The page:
The central Lower Peninsula village is situated on the Maple River, which flows through the northwestern part of the town and forms a portion of its border, while Baker Creek flows through its southeastern corner. The chief routes through the village are East Island Road (Main Street) and North Hollister Road (Ovid Street), which intersect in the center of town. East Island Road leads west to a discontiguous section of the village that includes Riverside Cemetery.

Nearby cities and villages include Ovid (7.1 miles), Ashley (11.3 miles), St. Johns (15.0 miles), Oakley (15.1 miles), Laingsburg (15.5 miles), Maple Rapids (16.7 miles), Owosso (17.1 miles), and Chesaning (19.7 miles). Lansing, the capital of Michigan, is about thirty-five miles to the south.

The first European-American settlement of the area that was to become Elsie was by Thomas Craven, Sr., and his adult sons, Robert, Isaac, and Thomas, Jr., and daughter, Rebecca, along with their families. They came from Ohio in 1836, and settled in the area where East Island Road crosses the Maple River, now the discontiguous section of the village that houses the cemetery. The Cravens acquired 640 acres from the US government, some of it to the south along the river. The first frame house was built by Robert Craven, who also built a sawmill. Later, he built a dam and sawmill about a mile north and was also responsible for building what is now known as Maple River Road.

Other early settlers included Alpheus Beebee, Liberty Carter, Joshua Cobb, Hiram Curtis, Oliver Hicks, George W. Lewis, Aaron Sickels, Franklin Tillotson, William L. Tillotson, William Warner, Kingston Wool, and their families and other families known as the Bennetts, Blayneys, Galligans, Linmans, and the Staffords.

The settlement was originally referred to as Cravens' Mills, and the Cravens platted a few lots. Alpheus Beebee opened a store, a wagon shop, and a tavern. He later sold the store to the Sickels Brothers, J. Durkee, and William Sickels, who had come from New York with their parents in 1836. Hiram Curtis opened a cabinet shop and built the coffins used to bury many of the old pioneers.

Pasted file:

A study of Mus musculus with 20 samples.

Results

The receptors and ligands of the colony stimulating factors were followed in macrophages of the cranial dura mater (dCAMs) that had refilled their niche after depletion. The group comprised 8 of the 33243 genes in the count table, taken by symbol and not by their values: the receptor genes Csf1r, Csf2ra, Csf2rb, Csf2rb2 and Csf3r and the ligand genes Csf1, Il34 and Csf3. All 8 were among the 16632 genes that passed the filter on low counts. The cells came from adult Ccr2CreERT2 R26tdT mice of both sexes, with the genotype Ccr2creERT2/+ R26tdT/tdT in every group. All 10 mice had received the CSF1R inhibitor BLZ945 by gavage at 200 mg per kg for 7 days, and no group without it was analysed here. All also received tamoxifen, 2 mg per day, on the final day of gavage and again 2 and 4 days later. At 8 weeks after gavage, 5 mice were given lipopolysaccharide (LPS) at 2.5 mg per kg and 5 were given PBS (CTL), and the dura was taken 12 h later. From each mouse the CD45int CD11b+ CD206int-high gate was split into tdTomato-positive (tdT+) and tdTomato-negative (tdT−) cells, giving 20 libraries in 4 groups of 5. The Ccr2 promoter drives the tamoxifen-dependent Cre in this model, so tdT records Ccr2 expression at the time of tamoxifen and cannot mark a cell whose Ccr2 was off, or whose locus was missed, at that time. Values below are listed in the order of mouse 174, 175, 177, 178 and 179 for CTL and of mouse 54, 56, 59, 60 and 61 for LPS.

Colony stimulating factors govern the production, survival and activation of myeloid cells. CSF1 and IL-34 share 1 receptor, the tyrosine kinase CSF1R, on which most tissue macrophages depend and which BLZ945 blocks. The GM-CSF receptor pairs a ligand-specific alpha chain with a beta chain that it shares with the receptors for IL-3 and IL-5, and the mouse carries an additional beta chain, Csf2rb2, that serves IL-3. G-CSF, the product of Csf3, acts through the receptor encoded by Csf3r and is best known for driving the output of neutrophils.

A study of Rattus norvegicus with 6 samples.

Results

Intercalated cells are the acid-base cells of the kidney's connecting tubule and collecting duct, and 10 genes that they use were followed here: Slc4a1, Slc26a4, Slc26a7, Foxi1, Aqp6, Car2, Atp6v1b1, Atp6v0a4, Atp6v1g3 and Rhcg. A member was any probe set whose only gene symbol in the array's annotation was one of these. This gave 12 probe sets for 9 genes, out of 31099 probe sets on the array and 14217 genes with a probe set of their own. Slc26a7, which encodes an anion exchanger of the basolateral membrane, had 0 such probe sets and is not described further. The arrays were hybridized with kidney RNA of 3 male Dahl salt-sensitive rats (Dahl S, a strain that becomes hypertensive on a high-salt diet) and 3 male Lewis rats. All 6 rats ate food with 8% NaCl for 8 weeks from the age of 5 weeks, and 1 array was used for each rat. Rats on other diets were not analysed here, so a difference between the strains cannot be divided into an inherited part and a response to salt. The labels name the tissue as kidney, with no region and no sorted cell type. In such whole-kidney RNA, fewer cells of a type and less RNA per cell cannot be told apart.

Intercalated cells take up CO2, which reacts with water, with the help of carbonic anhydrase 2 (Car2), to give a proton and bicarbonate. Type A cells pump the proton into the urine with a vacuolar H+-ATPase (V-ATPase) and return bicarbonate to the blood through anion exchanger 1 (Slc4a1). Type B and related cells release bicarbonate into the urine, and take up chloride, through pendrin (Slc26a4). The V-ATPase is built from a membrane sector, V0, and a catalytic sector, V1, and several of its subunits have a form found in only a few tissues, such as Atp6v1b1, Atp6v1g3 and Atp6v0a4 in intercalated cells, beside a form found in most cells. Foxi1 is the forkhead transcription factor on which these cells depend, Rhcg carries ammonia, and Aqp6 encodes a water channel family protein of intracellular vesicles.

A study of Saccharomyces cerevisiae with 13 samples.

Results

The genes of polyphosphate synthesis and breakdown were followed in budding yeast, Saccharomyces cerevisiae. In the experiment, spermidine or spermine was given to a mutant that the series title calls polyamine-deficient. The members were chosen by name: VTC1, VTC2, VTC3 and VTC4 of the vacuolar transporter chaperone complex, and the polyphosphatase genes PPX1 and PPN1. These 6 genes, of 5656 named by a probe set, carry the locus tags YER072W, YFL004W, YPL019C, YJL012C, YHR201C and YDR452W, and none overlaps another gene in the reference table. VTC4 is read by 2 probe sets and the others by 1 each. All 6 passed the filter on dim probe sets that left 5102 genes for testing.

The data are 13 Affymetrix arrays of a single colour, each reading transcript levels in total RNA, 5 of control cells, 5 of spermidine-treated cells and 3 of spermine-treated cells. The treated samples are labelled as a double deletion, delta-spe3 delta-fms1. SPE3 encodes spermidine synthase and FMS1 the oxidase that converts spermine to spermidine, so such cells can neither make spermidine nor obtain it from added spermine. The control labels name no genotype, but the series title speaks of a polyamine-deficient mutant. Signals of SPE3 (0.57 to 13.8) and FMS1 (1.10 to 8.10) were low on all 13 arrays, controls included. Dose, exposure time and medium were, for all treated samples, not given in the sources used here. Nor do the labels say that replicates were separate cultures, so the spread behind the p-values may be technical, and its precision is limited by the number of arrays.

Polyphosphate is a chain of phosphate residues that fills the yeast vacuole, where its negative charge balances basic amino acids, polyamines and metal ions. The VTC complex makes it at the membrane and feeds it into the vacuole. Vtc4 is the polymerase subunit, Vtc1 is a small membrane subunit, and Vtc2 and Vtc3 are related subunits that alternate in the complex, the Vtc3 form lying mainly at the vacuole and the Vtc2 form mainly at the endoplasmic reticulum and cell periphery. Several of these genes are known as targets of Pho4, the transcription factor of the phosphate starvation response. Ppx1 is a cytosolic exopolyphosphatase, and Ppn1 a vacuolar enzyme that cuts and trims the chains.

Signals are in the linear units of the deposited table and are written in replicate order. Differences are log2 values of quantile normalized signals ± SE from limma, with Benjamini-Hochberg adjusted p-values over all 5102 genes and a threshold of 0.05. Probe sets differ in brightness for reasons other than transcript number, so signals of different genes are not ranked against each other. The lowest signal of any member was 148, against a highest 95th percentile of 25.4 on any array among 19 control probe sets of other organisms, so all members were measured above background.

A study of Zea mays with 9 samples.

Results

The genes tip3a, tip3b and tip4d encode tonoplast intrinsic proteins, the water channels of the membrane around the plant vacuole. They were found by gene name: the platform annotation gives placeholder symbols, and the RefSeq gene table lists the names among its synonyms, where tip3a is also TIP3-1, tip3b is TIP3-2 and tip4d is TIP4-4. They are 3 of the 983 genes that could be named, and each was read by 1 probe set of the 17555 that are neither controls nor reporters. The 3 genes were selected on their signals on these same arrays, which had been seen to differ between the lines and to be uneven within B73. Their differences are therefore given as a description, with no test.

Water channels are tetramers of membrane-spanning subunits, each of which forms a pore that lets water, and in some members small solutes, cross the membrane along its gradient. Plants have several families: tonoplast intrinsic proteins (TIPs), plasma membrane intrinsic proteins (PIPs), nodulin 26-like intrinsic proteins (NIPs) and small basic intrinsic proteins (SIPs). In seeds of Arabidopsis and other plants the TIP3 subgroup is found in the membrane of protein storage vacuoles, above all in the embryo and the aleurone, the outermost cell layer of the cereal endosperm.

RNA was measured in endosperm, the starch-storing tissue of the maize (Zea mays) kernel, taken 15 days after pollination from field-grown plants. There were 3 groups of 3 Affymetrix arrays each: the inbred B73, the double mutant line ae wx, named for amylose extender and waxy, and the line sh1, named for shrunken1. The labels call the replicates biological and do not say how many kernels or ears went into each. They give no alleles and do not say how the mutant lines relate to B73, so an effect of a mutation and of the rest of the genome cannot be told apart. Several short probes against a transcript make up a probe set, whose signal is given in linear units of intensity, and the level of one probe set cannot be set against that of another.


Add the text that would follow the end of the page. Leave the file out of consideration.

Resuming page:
In the 1850s, the Sickels moved their store three-fourths of a mile east, to what is now the main part of the town. The Sickels Brothers platted the village, naming it for the first child born in Elsie, the daughter of Mr. and Mrs. Franklin Tillotson. Additions to the plat were made, at various times, by Franklin Tillotson, Jonathan Hicks, Elijah Cobb, Levi Randall, and Kingston Wool. Land for a cemetery was donated by Joshua Cobb, who died later that same year, becoming the first person buried there.

On May 14, 1857, a post office was established, with Franklin Tillotson as postmaster. Early churches were the Elsie M.E. Church, which was organized in 1849, while the Free Will Baptist Church was formed in 1851. A schoolhouse was built east of Alpheus Beebe's tavern in 1851, and its first teacher was probably Eleanor Rockwell.

Elsie was incorporated as a village in 1885. Although the village experienced slight population decreases in 1930, 1990, and 2010, its population has remained fairly steady, from 900-1,000 since 1950. Its peak population was 1,055 in 2000.

The focal point of this guide is on the village of Elsie, Michigan. Online resources representing the village, or any individuals, businesses, industries, schools, places of worship, organizations, attractions, and events within the village, are appropriate for this category.